We usually think of a forest as a vast area filled with individual trees. We just assume they are individuals and, aside from pollinating and dropping seeds to propagate, they don’t have anything to do with one another. Nothing could be further from the truth. Under the forest floor is a network of soil fungi that, through the roots, connects all the trees together. This has been referred to as the “wood wide web” and is a means of communication from one tree to another. A forest can be thought of as a super-organism with electrical pathways connecting it.
The African acacia tree is delicious to giraffes. But when a giraffe begins nibbling at the leaves of an acacia tree, the leaves soon release a toxic chemical that stops the giraffe. So the giraffe goes to the next acacia tree, but that tree has already “smelled” the chemical from the first tree and releases its own chemical. The giraffe has to run around to a far distant tree that didn’t get the message yet, but that too, will shortly become toxic. With insects, the acacia tree releases a chemical when it “tastes” the insect saliva and sends out a chemical signal to attract predators to those insects.
Trees are social beings and they care for each other. Through the thin fungal threads (mycelium), they share sugars and nutrients with each other. In exchange, the trees provide the fungi with carbohydrates. The fungi help the trees suck up water and provide phosphorus and nitrogen. This is a truly symbiotic relationship that is essential for a forest to stay healthy.
To understand a forest, you need to understand selflessness. If a tree is suffering because it isn’t getting enough light, its neighbor that is blocking the sunlight actually grows its branches in such a way as to allow sunlight to its “buddy.” We don’t notice these amazing things about plants and trees because they move and grow at a glacial pace compared to humans. The oldest tree on earth – a spruce in Dalarna province in Sweden – is more than 9,500 years old. It has newer shoots above ground, but the roots were carbon dated and revealed its advanced age.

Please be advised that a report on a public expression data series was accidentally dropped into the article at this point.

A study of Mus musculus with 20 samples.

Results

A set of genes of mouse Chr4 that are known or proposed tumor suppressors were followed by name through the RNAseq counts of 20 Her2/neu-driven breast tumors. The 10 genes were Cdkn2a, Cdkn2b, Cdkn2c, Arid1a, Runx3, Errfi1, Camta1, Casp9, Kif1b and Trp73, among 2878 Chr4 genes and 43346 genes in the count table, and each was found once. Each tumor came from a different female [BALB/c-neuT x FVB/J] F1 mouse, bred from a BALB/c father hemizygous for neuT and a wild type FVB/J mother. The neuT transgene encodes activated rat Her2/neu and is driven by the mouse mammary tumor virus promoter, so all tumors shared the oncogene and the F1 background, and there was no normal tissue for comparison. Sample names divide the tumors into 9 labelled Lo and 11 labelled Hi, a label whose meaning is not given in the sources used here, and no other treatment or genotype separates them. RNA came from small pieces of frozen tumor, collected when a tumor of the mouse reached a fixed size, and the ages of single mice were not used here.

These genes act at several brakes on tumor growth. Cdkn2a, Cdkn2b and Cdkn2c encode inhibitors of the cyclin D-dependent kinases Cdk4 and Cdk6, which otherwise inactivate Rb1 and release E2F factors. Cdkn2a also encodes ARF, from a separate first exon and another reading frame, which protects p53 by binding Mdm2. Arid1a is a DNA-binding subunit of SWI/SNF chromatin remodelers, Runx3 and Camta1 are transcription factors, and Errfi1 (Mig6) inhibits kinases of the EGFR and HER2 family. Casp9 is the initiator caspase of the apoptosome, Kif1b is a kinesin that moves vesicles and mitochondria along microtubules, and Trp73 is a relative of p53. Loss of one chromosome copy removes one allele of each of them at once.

If a tree breaks off or is cut down, the underground mycorrhizal network may still feed it and it can regrow. If one tree isn’t getting enough water or nutrients, its neighbor will share the needed nutrients. In this way, the entire forest is a giant colony with “parents” and “children” living close together, since the seeds usually drop close by the parent tree.
Another phenomenon born of this symbiosis between trees is called “inosculation.” This word is from the Latin “osculum” which means “kiss.” Inosculation is the joining or uniting of two trees at the roots, branches or trunks. These are also called “marriage” trees. This usually happens between trees of the same species, but also can happen between two trees of different species. The trees grow so close together that their bark rubs off and they begin to grow together. There is an excellent example of this in Mi Wuk Village, where an oak tree has fused with a conifer.
Scientists have come to the realization of the interconnectedness of forests relatively lately and much research still is being done on just how this wood wide web functions. This is an important field because it will change the way we deal with and save our dwindling forests. This may impact how trees of a forest are harvested and forests are managed in the future.
Sources: The Hidden Life of Trees, by Peter Wohlleben (originally published in Germany in 2015 as Das geheime Leben der Bäume). English translation by Jane Billinghurst, 2016.
“The Secrets of the Wood Wide Web,” by Robert Macfarlane in The New Yorker, August 7, 2016.
Francie McGowan is a University of California Cooperative Extension Master Gardener of Tuolumne County.